BEVERLY — Paradise now belongs to the city. Camp Paradise, that is.
The former Girl Scout camp was officially sold to the city Monday for $950,000. The funding came through a culmination of grants and city money.
The city intends to use the camp — 12 acres with a recreation building and pond — for various educational and camp programs as well as allowing groups to rent it. Camp management will be handled by the city's Parks and Recreation Department, according to Mayor Michael Cahill.
The land is also under a permanent restriction to remain open space by the Essex County Greenbelt, Cahill said.
The sale has been underway since last December when City Council voted to buy the camp and have it remain open space.
"We will look for ways to fully utilize the property," Cahill said.
Money for the purchase came from $450,000 in city Community Preservation Act money — collected through property taxes to invest in community projects — as well as a state grant for $400,000 and $100,000 out of the Park and Recreation Department's budget, according to Cahill's Chief of Staff Kevin Hartunian.
"It's a great outcome for the community as a whole," the mayor said.
Having the camp remain a green, wooded area is a welcome alternative, according to Bruce Doig, city Parks and Recreation director, and Girl Scouts of Eastern Massachusetts Chief Executive Officer Patricia A. Parcellin.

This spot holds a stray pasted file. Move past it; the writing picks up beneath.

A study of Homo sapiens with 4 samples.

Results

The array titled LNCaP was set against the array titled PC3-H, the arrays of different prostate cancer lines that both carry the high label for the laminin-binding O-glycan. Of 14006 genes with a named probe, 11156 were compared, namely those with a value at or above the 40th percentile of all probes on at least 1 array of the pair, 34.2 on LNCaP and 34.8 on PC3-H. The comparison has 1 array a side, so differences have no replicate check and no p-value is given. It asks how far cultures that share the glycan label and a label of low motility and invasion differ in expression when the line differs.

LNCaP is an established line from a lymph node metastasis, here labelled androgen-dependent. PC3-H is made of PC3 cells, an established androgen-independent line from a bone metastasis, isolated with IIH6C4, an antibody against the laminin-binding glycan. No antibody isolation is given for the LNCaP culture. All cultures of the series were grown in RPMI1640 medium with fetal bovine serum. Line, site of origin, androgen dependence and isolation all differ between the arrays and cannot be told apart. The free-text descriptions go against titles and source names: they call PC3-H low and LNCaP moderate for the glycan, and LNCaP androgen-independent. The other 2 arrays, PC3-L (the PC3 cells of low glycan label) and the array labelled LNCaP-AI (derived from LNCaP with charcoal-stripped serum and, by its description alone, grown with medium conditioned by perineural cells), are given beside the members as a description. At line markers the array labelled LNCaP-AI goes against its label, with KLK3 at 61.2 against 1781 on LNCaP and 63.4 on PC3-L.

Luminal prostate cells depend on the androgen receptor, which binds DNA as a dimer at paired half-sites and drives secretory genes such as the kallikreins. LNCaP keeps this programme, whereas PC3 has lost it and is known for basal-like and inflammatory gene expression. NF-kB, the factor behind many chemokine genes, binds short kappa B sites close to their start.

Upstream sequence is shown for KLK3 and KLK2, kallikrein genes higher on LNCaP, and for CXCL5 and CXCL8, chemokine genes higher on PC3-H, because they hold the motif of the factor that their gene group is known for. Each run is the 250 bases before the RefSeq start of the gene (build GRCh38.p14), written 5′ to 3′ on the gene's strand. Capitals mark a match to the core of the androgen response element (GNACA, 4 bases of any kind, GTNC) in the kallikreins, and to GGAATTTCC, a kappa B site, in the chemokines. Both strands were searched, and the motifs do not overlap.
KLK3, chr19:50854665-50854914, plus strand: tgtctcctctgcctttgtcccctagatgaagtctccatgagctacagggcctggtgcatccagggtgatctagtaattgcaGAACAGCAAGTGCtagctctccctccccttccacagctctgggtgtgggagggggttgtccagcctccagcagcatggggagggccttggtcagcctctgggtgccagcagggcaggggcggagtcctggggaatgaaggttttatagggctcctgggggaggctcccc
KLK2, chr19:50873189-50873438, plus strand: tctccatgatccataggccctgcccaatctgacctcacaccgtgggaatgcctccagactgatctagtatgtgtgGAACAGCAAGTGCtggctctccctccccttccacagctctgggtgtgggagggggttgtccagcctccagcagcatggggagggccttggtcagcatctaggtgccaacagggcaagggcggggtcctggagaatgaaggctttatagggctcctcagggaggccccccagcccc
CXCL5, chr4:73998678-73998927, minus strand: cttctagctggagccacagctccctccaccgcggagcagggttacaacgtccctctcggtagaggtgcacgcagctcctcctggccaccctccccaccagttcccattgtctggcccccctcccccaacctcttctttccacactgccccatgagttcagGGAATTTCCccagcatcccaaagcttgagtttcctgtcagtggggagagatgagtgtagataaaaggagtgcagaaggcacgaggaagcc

"It's great open space," Doig said. "It's close to other open spaces."
Parcellin said the Girl Scouts have been working with the city for around two years on the sale, adding that conservation and "making sure we had continued access for the Girl Scouts" were the central issues.
"The wonderful news is the property is protected from residential and commercial development, so I think it's a great outcome," she said.
An appraisal of the property prior to sale suggested that the camp could accommodate a new housing development, Parcellin said, but she added, "that's not what we wanted to have happen."
The camp can be rented out to the Girl Scouts and other groups, Doig said, adding that there's been interest from Boy Scout Troops, too.
The city's been having programs at Paradise since last summer, and summer camps typically stationed in Lynch Park sometimes are sent there, he said. Compared with the open area at Lynch, the camp offers hiking, and an arts and crafts area in its indoor space.
In addition, programs for adults may soon be in the works, Doig said. Archery classes have already taken place there as well as environmental education. Future classes may include raising chickens and backyard gardening.
Working with the school district on outdoor education classes may also be options, Doig said.
For now, the mayor said the park will remain as it is; no changes will be made in the near future.
The recreation building, around 20 years old, includes a large, open room with hardwood floors, a kitchen and restrooms with handicap accessibility.
"We're excited to have it," Doig said of the camp.
Arianna MacNeill can be reached at 978-338-2527 or at firstname.lastname@example.org. Follow her on Twitter at @SN_AMacNeill.